Dedicated Denis ‘still improving’

WHEN he started on the European Seniors Tour back in 1998, Denis O’Sullivan’s chief rivals were people like Tommy Horton, Antonio Garrido, Brian Waites, Malcolm Gregson, Jose-Maria Canizares, Brian Huggett and Maurice Bembridge.

It must have been an intimidating proposition for an unheralded amateur to take on these and other greats of the professional game. As far as they were concerned, this Irish upstart was "the amateur" who would appear in their midst for a year, maybe two, before disappearing again. But they were mistaken, just as those who came after them, golfers of the stature of Neil Coles, Noel Ratcliffe, Eddie Polland, Ian Stanley, Terry Gale and so on got it wrong. O'Sullivan was there for the long haul and earned their grudging admiration through hard work; that in turn produced a remarkable improvement in his golf game and a very agreeable standard of living.

Given the nature of seniors golf, new faces are coming on the scene all the time but Denis isn't fazed in the slightest that people like Greg Norman, Sam Torrance, Nick Faldo, Bernhard Langer, Seve Ballesteros and Ian Woosnam, to name but a few, have either turned 50 or are approaching the half-century.

"My game is in good shape and my goal for 2006 is to finish in the top five in the order of merit. I won't be worrying about what anybody else is doing," he said.

Having successfully come through the Seniors Tour School in 1997, Denis quickly adjusted to the new environment in which he found himself. He played 16 tournaments in 1998 and came 9th in the order of merit with total earnings of €76,986. It was an outstanding achievement by any standards.

'Second season syndrome' set in the following year and he slumped to 33rd in the order of merit with €32,598, in truth no more than a break-even situation. However, everything settled back into place in 2000 when he captured two major tournaments towards the end of the year, the Senior Tournament of Champions and the Seniors Tour Championship which shot him up to third in the rankings with the handsome total of €156,966 to his credit.

Two further victories followed in 2001 the Palmerston Trophy in Berlin and the Scandinavian International and he duly finished 12th in the order of merit with €165,920. Denis captured his fifth title in 2002, the Tunisian Seniors Open, and was back up to 9th in the money list with €125,362. Though 2003 and 2004 were relatively quiet with no tournament wins, his consistency was extremely impressive as he came in 8th in 2003 with a stroke average of 71.04, which accumulated €130,427.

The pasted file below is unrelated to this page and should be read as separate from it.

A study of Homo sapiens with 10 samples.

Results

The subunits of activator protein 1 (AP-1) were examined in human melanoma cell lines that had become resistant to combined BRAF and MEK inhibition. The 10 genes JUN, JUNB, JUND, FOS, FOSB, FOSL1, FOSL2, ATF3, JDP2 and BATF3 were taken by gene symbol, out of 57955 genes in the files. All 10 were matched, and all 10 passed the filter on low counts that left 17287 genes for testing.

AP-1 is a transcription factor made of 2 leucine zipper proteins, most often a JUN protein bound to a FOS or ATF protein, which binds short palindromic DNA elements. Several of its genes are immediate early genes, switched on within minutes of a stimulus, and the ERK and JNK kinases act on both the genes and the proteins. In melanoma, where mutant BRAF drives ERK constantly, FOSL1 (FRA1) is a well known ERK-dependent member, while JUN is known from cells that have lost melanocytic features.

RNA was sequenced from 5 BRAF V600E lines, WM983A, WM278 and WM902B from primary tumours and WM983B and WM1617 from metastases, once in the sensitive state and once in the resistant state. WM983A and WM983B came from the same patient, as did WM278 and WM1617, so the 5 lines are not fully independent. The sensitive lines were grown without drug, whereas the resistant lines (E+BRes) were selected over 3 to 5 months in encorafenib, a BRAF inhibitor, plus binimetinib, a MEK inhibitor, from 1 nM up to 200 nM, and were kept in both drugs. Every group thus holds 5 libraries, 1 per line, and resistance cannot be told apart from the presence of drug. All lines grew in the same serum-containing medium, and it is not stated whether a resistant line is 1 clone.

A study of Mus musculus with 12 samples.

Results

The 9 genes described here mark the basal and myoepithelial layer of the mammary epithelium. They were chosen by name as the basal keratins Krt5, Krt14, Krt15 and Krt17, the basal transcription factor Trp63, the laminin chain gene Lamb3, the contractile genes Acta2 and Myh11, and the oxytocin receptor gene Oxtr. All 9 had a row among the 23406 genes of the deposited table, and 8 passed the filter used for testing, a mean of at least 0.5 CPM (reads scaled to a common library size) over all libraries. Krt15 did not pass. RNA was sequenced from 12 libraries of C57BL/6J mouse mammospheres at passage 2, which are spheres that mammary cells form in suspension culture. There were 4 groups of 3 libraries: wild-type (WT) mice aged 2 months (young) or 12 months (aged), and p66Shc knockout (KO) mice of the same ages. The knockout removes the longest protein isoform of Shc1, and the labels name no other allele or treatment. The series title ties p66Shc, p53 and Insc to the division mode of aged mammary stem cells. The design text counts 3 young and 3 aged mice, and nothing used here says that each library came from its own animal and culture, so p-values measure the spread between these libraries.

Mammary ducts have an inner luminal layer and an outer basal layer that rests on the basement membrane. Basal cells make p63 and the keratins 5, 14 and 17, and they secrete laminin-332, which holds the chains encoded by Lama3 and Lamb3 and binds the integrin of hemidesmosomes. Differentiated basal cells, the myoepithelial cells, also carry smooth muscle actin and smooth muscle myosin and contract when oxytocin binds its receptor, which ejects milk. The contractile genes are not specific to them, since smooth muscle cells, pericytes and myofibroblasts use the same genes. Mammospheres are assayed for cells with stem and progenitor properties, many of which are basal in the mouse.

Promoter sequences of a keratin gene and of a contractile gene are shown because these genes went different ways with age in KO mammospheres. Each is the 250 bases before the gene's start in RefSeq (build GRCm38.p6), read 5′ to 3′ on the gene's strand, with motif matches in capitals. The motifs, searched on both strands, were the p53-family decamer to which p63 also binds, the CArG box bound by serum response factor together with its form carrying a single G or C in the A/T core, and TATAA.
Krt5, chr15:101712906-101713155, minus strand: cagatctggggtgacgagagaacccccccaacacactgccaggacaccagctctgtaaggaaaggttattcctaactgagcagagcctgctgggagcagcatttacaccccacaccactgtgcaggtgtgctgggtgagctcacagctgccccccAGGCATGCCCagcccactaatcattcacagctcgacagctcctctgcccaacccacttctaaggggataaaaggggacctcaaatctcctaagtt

However, he was down to 34th in 2004 as the stroke average crept up to 72.94 and the prize money dipped to €64,433.

The Doubting Thomas' were quickly into action, predicting that age was catching up on the Corkman and that at 56 his best days were behind. Not alone that but the European Seniors Tour was becoming a tougher and tougher place in which to do business, given the annual arrival of some of the game's finest. Sam Torrance of Scotland led the order of merit in 2005, and Eduardo Romero of Argentina was another formidable operator to pass the 50 mark. Put it all together and Denis might have been in trouble.

Only too well aware of the need to set the bar still higher, he practised religiously in the off-season and came out at the beginning of the year focused on proving that he still had every right to compete in an ever increasingly competitive arena.

The first tournament on the programme was the Barbados Open over the scenic and testing 6,814-yard Robert Trent Jones Junior Royal Westmoreland course, and O'Sullivan romped home by three shots after a ten under par aggregate of 206. He went on to perform consistently throughout the year before finally finishing in ninth place in the order of merit (his fifth top ten in eight years) with €149,867, bringing his career earnings to €896,618. And, of course, he'll be back to defend in Barbados on March 1-3.

"I'm quite happy at the way 2005 went off because it's getting a lot tougher out there," says O'Sullivan, who will be 58 in February.

"A lot of younger guys come on to the tour every year and obviously the standard is rising all the time. For instance, the really big guns, Langer, Faldo, Seve, Woosie and so on, will all be turning 50 over the next couple of years. In fact, Faldo becomes eligible for the British Seniors on the week before it takes place at Muirfield where he won two of his Open Championships in 2007."

It's becoming more and more difficult to obtain and retain a card on the Seniors circuit but true to form, O'Sullivan's not complaining. He fully appreciates how good the Seniors Tour has been to him although, of course, the reverse is very much the case as well. He and his partner Paula aren't long back from a week in beautiful Mauritius, where he took on and beat a number of players from the regular European Tour. For the second successive year, his friendship with Old Head captain Tom Browne will enable him to spend five weeks or so playing three courses in the Naples area of Florida, where he also finds the practice facilities as good as one could imagine. Then there's the news that the AIB Irish Seniors Open is coming to Fota Island on the first weekend in June. What a mouthwatering prospect that presents for a proud son of Cork.

"Believe it or not but I'm still trying to improve," he insists. "My putting was not as good as it should have been in 2005, so that's an area I'll be working on over the next few years. It's good for the Tour that all these new guys (including my old friend Jimmy Heggarty) are coming on stream all the time. And it's also good for the rest of us because we know we'll be left behind if we sit on our hands and don't work at getting better. It's a big challenge but one I'm very much looking forward to."